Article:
Medical societies sign on to voluntary ethics code

Following the lead of major medical journals adopting a uniform conflict-of-interest disclosure for researchers last year, the Council of Medical Specialty Societies has created a new ethics code aimed at limiting the influence drug and devicemakers have over patient care, reports the Associated Press.

Fourteen of the 32 groups in the CMSS, including American Society of Clinical Oncology and the American College of Physicians, have already adopted the code, which requires groups to:

  • Publicly post any industry support the group receives, such as money for continuing education sessions.
  • Decline industry funding for developing medical practice guidelines, such as who should get a drug, a test or treatment.
  • Require that most members of a guidelines panel be free of financial ties to industry.
  • Disclose any financial ties that leaders and board members have with companies.
  • Ban company or product names and logos from pens, bags and other giveaways at conferences.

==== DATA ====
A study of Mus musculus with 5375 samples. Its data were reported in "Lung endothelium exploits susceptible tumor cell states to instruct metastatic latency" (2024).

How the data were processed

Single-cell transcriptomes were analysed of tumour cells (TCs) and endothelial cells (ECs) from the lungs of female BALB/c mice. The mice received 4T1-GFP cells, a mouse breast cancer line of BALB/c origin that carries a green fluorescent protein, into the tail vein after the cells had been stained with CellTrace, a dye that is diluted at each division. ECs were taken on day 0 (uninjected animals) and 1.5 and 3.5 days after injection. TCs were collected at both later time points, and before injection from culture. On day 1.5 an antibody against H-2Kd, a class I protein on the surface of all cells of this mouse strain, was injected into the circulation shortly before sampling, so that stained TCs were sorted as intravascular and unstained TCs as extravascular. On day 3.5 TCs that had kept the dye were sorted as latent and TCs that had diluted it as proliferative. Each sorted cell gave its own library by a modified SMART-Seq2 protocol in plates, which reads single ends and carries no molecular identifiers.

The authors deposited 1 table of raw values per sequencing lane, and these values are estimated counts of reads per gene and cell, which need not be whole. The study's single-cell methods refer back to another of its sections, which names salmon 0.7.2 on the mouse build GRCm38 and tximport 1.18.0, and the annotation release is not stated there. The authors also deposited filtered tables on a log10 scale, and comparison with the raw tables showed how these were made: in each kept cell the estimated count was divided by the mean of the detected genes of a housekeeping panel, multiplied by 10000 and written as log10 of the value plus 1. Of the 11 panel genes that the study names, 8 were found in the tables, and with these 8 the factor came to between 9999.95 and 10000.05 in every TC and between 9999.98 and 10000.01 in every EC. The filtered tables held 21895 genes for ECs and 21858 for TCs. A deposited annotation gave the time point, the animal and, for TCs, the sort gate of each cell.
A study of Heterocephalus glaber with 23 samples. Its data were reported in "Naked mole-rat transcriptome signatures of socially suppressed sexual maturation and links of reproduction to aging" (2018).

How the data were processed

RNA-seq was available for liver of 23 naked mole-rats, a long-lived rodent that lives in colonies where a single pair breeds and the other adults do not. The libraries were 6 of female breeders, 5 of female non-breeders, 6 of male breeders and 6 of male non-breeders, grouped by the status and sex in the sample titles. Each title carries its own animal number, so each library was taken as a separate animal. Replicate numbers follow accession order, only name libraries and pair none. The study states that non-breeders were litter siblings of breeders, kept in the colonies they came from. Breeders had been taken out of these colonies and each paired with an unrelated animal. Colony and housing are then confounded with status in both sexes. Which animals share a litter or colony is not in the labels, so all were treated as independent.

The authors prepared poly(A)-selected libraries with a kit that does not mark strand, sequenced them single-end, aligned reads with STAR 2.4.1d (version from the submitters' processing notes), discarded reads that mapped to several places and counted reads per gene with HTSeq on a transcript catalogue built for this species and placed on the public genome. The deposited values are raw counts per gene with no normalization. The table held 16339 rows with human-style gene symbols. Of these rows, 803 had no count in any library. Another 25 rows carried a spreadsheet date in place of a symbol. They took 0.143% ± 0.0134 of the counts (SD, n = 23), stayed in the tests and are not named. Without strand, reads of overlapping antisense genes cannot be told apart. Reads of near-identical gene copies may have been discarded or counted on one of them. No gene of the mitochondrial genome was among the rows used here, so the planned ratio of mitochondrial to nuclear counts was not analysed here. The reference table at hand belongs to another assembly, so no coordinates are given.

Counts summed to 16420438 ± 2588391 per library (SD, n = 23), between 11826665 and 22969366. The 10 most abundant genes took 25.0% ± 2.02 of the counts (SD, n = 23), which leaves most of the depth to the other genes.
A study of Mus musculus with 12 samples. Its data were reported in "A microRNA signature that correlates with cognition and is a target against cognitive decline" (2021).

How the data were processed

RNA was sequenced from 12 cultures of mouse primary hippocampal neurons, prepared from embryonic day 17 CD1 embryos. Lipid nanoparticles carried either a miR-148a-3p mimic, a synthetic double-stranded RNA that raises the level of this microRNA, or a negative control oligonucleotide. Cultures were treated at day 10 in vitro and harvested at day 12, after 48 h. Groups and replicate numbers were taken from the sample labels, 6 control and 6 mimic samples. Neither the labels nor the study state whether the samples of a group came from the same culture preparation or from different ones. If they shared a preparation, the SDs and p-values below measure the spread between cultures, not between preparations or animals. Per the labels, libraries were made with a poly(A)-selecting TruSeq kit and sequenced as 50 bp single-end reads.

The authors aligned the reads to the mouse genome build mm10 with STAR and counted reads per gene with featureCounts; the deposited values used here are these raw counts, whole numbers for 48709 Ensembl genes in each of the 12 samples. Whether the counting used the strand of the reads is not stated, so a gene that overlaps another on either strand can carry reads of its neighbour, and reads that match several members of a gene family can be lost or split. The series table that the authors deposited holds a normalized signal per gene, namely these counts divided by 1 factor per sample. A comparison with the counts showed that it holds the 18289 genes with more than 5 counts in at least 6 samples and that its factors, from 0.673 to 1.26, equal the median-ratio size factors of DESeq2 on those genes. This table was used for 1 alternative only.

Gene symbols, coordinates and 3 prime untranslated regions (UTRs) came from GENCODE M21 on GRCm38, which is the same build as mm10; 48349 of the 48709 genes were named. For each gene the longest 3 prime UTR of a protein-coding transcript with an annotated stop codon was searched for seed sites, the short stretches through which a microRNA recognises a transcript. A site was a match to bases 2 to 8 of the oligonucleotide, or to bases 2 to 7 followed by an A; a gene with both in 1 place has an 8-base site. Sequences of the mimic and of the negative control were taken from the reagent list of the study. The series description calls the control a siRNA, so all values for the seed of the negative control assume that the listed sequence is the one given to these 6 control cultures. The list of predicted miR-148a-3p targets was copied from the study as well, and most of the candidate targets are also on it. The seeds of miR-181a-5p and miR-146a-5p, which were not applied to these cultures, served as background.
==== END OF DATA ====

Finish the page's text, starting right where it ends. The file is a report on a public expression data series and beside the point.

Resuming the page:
"We take very seriously the trust that is placed in us by physicians and patients to be authoritative, independent voices in cancer care," ASCO's chief, Dr. Allen Lichter, who helped develop the code, said in a statement.

To learn more:
- read this HealthDay piece
- check out this Associated Press article
- here's the ASCO's statement
- here's the CMSS code

Suggested Articles

The profit margins and management of Community Health Group raise questions about oversight of managed care insurers.

Financial experts are warning practices about the pitfalls of promoting medical credit cards to their patients.

A proposed rule issued by HHS on Tuesday would expand short-term coverage, a move Seema Verma said will have "virtually no impact" on ACA premiums.